Two ancient stone coffins that may have once held the remains of a husband and wife have been rediscovered in a wildlife park near the Israeli city of Tel Aviv.
They are thought to be about 1,800 years old, dating from the period when the Roman Empire ruled the region.
The stone coffins, or sarcophagi, were found mid-February, hidden near enclosures for giraffes, elephants and a bird nursery. Some of the park's older staff recalled that the coffins had first been discovered about 25 years ago during the construction of a new parking lot. But they were dug up, moved elsewhere at the site, and then forgotten again, until they were rediscovered during work on a new extension for the park's animal hospital.
"They are two matching coffins … decorated identically with garlands and discs," Uzi Rothstein of the Israel Antiquities Authority (IAA), said in a statement. The similarities of the coffins is what led Rothstein and his colleagues to speculate they belonged to a couple."
Experts think the ornate decorations show the coffins were meant for non-Jewish people of high social status during the period, when the region was dominated by the ancient port city of Jaffa and the Roman provincial capital of Caesarea was about 20 miles (32 kilometers) to the north.
Archaeologists have now transferred the coffins into a nearby repository for Israeli National Treasures.
The Ramat Gan Safari Park was built on the site of a small zoo founded in 1958 and opened in 1974 with the largest collection of wildlife under human care in the Middle East.
It's now a 250-acre (100 hectares) drive-through park that features zebras, lions, giraffes, elephants, hippos and other animals.
According to the IAA statement, construction workers clearing land for the new extension of the animal hospital saw the two stone coffins jutting out of the soil. After clearing away thick vegetation and the sand surrounding the coffins, they alerted staff at the park who got in touch with Rothstein and his colleagues.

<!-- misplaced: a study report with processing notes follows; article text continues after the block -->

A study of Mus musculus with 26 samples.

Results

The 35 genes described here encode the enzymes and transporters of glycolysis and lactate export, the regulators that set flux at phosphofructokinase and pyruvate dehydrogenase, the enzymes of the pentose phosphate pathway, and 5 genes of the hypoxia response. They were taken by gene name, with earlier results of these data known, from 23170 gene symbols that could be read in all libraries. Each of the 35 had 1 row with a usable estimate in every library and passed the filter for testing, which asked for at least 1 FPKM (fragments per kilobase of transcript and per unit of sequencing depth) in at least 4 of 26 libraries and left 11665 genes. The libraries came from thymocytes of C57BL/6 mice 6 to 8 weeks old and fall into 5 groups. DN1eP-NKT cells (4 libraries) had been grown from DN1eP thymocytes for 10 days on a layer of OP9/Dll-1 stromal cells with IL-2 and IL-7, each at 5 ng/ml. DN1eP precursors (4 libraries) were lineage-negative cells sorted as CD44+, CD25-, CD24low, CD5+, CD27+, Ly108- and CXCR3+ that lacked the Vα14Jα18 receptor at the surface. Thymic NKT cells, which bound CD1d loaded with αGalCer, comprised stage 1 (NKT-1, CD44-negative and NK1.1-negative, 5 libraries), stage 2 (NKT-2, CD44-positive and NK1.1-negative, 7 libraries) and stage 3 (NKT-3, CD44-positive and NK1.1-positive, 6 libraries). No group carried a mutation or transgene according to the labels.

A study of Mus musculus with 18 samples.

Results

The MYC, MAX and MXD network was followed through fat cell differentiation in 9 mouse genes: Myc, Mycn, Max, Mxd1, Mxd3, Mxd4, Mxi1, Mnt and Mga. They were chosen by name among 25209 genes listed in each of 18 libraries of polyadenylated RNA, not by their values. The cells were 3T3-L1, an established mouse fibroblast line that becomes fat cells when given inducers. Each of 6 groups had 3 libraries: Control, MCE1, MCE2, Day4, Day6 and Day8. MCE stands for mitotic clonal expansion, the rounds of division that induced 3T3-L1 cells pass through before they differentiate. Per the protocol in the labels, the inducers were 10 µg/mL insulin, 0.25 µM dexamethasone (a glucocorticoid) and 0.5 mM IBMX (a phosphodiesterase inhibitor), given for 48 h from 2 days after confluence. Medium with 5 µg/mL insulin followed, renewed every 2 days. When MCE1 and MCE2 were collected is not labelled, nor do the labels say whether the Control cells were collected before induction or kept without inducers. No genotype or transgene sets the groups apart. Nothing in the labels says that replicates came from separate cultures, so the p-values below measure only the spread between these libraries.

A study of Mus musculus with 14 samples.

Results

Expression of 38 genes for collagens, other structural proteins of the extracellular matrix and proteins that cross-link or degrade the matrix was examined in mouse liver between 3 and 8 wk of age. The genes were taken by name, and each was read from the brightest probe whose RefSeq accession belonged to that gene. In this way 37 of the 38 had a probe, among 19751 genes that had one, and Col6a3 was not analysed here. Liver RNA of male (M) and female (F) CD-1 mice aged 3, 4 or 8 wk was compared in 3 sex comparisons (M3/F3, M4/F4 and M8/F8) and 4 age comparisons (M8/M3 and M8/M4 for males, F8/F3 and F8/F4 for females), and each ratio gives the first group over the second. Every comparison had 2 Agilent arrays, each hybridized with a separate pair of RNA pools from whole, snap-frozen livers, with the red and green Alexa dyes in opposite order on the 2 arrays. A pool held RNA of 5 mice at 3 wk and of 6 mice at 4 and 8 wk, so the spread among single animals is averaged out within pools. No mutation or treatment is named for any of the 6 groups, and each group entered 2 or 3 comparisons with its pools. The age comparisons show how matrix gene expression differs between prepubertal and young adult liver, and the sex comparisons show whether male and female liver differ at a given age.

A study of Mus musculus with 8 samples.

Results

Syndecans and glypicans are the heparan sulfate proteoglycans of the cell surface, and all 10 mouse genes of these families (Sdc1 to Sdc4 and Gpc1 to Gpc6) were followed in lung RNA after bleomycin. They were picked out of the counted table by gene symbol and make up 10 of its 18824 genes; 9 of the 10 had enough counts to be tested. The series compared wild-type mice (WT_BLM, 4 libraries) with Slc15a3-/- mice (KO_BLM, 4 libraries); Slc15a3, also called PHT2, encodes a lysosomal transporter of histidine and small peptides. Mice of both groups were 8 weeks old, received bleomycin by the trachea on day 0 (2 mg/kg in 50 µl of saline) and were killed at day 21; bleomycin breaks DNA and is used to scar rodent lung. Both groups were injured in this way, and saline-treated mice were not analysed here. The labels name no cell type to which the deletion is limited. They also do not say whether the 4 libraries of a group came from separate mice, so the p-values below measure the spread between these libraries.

Rothstein said they were astonished to see such ancient artifacts at the wildlife park, and that the contractor who first discovered them 25 years ago probably didn't realize their significance.
"The contractor cleared two stone structures and transported them to a farther area without having any idea of what he was dealing with," he said.
The coffins are made from stone that likely came from the Judaean Hills or Samaria close by, possibly in imitation of prestigious sarcophagi made from Proconnesian marble from the Turkish island of Marmara.
Their decorations include symbolic discs intended to protect and accompany the soul on its journey to an afterlife, and stone garlands of flowers.
The decorations also included oval blank spaces on the stone between the garlands, which the archaeologists think were intended for customary grape-cluster motifs; but for some reason the work on the coffins remained unfinished, Rothstein said.
The region where the coffins were found came under the control of the expanding Roman Empire in 63 B.C., after Roman legions under the general Gnaeus Pompeius Magnus — Pompey the Great — defeated the forces of the ruling kingdom of Pontus in the Third Mithridatic War.
The Romans initially ruled the region as part of the province of Syria, and they established a client kingdom there — named Judea, after the ancient Israelite kingdom of Judah — under Herod the Great in 37 B.C.
A few years after Herod's death in 1 B.C., the Emperor Augustus deposed Herod's unpopular son Archelaus and the region became directly controlled by Rome as the province of Judea.
That status lasted through several violent uprisings until A.D. 132, when Jews there staged a rebellion known as the Bar Kokhba revolt and attempted to establish an independent state.
But the revolt was crushed by the Romans, and in A.D. 135 the Emperor Hadrian resolved to wipe the name Judaea off the map; so he renamed the province Syria Palaestina, after the Philistines who had ruled cities on the coast many centuries earlier.
The Ramat Gan Safari Park is close to the site of the biblical city of Beneberak, which is famous in Jewish writings as the home of the sage Rabbi Akiva ben Yosef — the spiritual leader of the Bar Kokhba revolt; he was executed by the Romans in 135.
"It could be that the sarcophagi are connected to the ancient city, it could be that they are not," Rothstein told the Jerusalem Post. "It is very rare to find sarcophagi in general and especially in their original site."
Originally published on Live Science.